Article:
Montclair Celebrates Walk & Bike to School Day

Montclair Celebrates Walk & Bike to School Day
Posted on 10/03/2019
Montclair students and their families celebrated the annual International Walk & Bike to School Day on Wed., Oct. 2 as they traveled on foot, bicycles and even scooters on what felt more like a summer day than a fall one. Several elementary schools participated in special events to mark the day, designed to promote health and safety. Some students met at a designated spot and walked as a group to school; others were joined by their parents who also rode their bikes. They enjoyed healthy snacks provided by the PTAs and some even had the opportunity to get energized before school with a lawn dance party. Here is just a sampling of what took place around the district.

Bradford
child on bike with training wheels  father and daughter on bikes  child on scooter with crossing guard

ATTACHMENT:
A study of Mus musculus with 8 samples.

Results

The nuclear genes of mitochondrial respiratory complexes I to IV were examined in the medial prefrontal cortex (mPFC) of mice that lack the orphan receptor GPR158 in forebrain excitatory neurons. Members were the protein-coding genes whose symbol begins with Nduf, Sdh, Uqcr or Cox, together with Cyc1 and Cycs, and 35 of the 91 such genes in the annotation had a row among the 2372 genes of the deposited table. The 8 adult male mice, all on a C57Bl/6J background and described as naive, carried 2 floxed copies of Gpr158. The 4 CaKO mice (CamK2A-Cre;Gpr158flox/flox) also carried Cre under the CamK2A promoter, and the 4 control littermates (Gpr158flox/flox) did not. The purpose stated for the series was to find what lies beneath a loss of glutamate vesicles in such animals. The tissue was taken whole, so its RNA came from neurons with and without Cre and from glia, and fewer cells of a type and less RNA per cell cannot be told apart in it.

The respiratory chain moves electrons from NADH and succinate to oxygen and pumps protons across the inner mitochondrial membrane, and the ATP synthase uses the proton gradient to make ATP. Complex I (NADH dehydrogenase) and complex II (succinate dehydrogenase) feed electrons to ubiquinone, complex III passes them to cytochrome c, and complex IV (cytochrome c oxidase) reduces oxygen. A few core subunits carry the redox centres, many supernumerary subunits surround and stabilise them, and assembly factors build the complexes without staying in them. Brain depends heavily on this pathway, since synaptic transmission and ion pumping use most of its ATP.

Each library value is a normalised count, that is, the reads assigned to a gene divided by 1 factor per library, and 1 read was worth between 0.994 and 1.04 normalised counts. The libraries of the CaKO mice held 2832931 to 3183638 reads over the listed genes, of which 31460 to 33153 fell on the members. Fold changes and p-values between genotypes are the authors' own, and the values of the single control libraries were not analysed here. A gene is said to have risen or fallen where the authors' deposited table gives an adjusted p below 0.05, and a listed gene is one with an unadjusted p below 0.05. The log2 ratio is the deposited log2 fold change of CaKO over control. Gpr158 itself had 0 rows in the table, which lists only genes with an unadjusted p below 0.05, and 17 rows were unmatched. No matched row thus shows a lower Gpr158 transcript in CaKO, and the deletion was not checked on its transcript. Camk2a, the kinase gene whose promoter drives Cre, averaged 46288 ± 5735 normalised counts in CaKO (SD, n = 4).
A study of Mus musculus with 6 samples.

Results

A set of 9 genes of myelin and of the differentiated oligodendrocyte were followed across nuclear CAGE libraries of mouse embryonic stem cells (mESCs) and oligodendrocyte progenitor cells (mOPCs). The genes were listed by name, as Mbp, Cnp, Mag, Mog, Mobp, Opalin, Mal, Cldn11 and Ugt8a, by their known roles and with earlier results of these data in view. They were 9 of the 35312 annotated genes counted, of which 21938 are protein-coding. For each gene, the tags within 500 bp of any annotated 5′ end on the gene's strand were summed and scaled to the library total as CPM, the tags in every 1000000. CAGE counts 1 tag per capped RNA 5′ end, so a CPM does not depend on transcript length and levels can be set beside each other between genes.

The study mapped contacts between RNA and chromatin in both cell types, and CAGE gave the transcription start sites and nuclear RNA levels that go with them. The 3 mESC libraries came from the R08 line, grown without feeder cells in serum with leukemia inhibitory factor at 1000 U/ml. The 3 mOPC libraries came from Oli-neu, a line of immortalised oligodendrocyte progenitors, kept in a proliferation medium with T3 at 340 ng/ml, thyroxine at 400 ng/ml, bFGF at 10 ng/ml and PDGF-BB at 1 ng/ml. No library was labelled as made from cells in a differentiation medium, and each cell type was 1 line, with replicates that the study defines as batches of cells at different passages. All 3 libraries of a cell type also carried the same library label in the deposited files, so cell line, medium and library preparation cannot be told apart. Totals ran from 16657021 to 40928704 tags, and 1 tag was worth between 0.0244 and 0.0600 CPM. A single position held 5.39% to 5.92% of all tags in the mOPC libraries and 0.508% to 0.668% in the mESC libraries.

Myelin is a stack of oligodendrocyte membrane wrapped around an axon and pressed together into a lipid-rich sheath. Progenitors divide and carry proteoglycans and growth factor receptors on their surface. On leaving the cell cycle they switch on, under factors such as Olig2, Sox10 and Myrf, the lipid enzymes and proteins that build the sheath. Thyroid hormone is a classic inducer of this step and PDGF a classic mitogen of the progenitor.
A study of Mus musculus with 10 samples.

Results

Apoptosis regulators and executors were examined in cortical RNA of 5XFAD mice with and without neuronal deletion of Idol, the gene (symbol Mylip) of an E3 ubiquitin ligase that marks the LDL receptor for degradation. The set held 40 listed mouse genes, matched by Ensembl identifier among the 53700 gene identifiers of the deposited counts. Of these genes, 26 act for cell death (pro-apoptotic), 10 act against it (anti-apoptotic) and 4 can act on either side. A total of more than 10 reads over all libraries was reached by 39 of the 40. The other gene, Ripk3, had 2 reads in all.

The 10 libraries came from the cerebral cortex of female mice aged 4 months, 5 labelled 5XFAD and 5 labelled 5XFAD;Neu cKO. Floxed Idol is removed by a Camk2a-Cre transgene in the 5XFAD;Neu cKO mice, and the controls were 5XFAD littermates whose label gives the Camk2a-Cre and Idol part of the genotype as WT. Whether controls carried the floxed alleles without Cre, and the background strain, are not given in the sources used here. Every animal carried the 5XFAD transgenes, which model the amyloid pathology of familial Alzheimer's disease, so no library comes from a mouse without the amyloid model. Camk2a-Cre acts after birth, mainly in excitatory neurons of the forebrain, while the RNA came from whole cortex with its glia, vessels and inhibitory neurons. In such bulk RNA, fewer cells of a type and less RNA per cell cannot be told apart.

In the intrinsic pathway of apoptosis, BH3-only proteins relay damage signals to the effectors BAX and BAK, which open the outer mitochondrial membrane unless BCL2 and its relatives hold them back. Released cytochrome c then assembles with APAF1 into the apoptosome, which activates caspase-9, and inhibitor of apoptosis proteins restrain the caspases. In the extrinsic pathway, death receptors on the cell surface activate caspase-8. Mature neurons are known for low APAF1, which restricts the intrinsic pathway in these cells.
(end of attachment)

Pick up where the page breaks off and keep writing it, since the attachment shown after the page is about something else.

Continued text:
boys lock up bikes  families walk to school  students at healthy snacks table

Edgemont

principal with students  students walk to school  families walk to school

Hillside

students lock up bikes in rack  student with crossing guard  students dance in front of school

students dance in front of school  students sign poster  child rides bike to school

The Partnership for a Walkable America sponsored the first National Walk Our Children to School Day in Chicago in 1997, modeled after the United Kingdom’s walk to school events, and communities around the United States have been celebrating Walk to School Day ever since. The event was established as “International” in 2000, when Canada and the U.K. joined with the U.S. to celebrate. Communities and schools use this day as the first step to change community culture and to create options for getting around that are more inviting for everyone, both young and old.

Some reasons to support walking and bicycling to school:
It’s fun — walking and bicycling bring a sense of joy and independence;
It encourages healthier habits — the trip to school is a chance for children (and adults) to get the physical activity they need;
It promotes a cleaner environment — Replacing car trips to school with walking or bicycling can reduce congestion and air-polluting emissions;
It promotes safety and supports neighborhood connections.